Exile In Guyville (15th Anniversary Edition)by Liz Phair
With her fresh-faced charm and college-educated book-smartness, Liz Phair looks like the kind of girl that could easily be brought home to meet Mom. Until she opens her mouth, that is. Phair caused a sensation with her sexually frank and provocative lyrics on her 1993 debut, Exile in Guyville. In "Flower," she calls herself "your blow job queen" and promises to "fuck you till your dick is blue." "Fuck and Run," the album's most compelling track, is a diatribe against guys who do just that. Still, Exile is noteworthy for far more than her dirty mind. Phair's 18 songs are smartly crafted and eloquent expressions of a young woman determined to be part riot grrrl, part pin-up girl, and part mainstream, upwardly mobile, urbane diva. Her vocals are still fairly uneven here, but she makes her points strongly.
- Release Date:
- Ato Records
Performance CreditsLiz Phair Primary Artist,Guitar,Piano,Vocals,Hand Clapping
Brad Wood Organ,Synthesizer,Bass,Guitar,Percussion,Bongos,Drums,Maracas,Vocals,Background Vocals,Hand Clapping,Snare Drums,Drones
Casey Rice Guitar,Cymbals,Background Vocals,Hand Clapping,Lead
Mark O. Voices
Tony Marlotti Bass
Technical CreditsLiz Phair Arranger,Composer,Producer
Nash Kato Cover Photo
Lyn Taitt Composer
Brad Wood Producer,Engineer,Feedback
Alan Light Liner Notes
Most Helpful Customer Reviews
This is one of the greatest albums out there. It's very unique and the songs are very catchy once you get used to hearing them. This is definitly one to pick up.
Does the title Exile in Guyville ring a bell? If it does that is purposefull, Chicago's Liz Phair a former charcoal artist makes an amazing break through with her indie's rock abulm Exile in Guyville. This CD is rated as the 15th best female rock CD ever and Liz has receaved praise by the Rolling Stones magazine for her outstanding, outspoken and honest lyrics. Rolling Stones raves Liz as "A new Rock and Roll Star is Born" in 1994. Her lyrics are appealing for all feministic females, artistic souls, clever minds, or anyone who is curious about the fantasies that are generated with in the females mind. This CD is sexy with lyrics such as "Your face reminds me of a flower, kind of like your under water. Hair's to long and in your eyes, your lips a perfect suck me size." of flower aswell it shows just how complex a person can be because the song "Explain It To Me" focuses on telling people to work up to their full potential. If you love rock, are clever or enjoy anyother of Phair's CD you will no doubtfully love Exile in Guyville.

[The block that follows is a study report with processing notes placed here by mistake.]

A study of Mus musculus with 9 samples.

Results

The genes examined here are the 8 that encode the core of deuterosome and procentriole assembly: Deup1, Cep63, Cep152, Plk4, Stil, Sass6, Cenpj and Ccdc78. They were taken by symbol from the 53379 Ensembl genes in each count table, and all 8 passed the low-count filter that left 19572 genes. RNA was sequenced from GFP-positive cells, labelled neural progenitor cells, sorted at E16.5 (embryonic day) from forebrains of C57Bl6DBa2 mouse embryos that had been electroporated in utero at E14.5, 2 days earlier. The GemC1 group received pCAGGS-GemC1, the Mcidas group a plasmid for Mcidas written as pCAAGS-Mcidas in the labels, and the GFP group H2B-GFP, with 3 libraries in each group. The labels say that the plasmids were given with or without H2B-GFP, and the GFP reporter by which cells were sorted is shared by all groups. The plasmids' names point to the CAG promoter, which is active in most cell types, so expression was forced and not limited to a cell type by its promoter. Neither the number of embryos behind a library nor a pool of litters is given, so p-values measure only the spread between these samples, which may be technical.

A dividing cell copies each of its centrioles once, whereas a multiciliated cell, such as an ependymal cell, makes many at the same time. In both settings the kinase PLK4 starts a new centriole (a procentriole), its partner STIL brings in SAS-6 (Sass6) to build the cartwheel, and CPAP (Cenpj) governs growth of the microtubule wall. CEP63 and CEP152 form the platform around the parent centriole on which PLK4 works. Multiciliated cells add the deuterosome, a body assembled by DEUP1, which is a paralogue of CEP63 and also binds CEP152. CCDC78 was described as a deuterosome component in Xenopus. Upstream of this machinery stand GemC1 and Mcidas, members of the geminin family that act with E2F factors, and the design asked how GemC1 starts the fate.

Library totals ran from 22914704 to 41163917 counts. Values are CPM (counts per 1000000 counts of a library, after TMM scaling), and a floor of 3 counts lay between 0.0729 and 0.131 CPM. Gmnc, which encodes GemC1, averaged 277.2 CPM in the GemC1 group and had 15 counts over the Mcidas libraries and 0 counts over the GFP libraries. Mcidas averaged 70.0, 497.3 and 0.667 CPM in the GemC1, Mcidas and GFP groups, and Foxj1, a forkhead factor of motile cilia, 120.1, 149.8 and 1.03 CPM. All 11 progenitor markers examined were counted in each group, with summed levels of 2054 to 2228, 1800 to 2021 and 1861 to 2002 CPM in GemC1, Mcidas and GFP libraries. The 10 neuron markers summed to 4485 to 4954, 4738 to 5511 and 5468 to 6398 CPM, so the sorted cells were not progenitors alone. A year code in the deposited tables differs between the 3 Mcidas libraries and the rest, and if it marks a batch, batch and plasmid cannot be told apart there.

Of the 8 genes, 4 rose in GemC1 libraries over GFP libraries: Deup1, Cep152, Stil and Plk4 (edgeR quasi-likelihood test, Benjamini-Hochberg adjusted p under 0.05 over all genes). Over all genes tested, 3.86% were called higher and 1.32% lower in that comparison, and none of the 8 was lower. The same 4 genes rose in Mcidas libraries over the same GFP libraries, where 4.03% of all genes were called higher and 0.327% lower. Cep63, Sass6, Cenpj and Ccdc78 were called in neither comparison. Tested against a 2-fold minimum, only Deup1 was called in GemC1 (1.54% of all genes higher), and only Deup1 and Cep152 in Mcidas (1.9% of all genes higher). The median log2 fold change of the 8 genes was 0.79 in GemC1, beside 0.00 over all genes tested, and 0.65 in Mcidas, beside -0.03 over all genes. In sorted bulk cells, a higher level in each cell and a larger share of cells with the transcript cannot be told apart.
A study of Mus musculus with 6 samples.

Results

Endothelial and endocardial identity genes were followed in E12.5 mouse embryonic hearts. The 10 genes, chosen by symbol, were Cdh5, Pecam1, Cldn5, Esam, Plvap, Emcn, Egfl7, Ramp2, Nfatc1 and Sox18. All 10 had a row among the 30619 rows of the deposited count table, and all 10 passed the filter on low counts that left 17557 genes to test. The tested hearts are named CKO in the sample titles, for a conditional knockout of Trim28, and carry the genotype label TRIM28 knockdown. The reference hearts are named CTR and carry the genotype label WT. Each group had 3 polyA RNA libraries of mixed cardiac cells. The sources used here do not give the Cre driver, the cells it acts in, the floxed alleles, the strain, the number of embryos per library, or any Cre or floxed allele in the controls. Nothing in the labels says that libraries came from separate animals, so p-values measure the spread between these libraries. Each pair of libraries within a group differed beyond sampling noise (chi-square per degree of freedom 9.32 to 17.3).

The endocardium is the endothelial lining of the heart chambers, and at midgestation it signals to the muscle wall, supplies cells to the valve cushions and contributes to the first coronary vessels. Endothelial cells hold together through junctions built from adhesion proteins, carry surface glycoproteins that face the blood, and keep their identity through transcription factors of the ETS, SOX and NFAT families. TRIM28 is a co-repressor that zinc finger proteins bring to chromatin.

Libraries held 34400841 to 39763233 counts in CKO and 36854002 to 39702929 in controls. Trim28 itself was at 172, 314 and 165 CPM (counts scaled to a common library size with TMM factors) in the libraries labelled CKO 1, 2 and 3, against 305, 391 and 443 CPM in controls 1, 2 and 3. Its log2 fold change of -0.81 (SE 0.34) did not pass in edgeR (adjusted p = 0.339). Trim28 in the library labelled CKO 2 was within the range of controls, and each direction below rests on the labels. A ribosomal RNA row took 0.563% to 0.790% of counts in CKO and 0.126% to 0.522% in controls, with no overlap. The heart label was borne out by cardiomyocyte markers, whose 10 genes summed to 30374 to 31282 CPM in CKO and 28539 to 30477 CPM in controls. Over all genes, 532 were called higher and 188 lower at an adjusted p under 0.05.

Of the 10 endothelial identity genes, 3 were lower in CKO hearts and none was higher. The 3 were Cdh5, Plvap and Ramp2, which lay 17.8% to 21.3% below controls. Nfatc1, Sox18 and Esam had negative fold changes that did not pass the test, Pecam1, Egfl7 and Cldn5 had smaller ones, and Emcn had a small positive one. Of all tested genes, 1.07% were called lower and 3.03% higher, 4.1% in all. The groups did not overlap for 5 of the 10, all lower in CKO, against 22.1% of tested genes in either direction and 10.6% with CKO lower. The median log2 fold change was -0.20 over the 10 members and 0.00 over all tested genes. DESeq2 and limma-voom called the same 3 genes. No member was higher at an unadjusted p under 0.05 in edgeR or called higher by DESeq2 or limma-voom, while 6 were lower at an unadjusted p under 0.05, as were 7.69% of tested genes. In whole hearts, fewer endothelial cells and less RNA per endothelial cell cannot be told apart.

I must admit that I enjoy both old and new Liz. If it weren't for the new, I'd never have known about this masterpiece. Liz Phair writes such candid songs that everyone can identify with something she says. We get a small glimpse of who she is through the album. The songs have an excellent flow, and couldn't be sung by anyone else.
Before Liz Phair was blonde and singing "why can't i?", she was the indie/lo-fi queen. These lyrics usually center around the double standard that if a woman is sexual, than she is a slut. Like in "girls! girls! girls!", she whispers "i take full advantage of every man i meet...i get away almost every day with what the girls call murder"...almost as if mocking the gossip about her. She also talks about the generation gap between parents and children and her divorce. This album is beautiful, no skippable songs...a lof-fi masterpiece.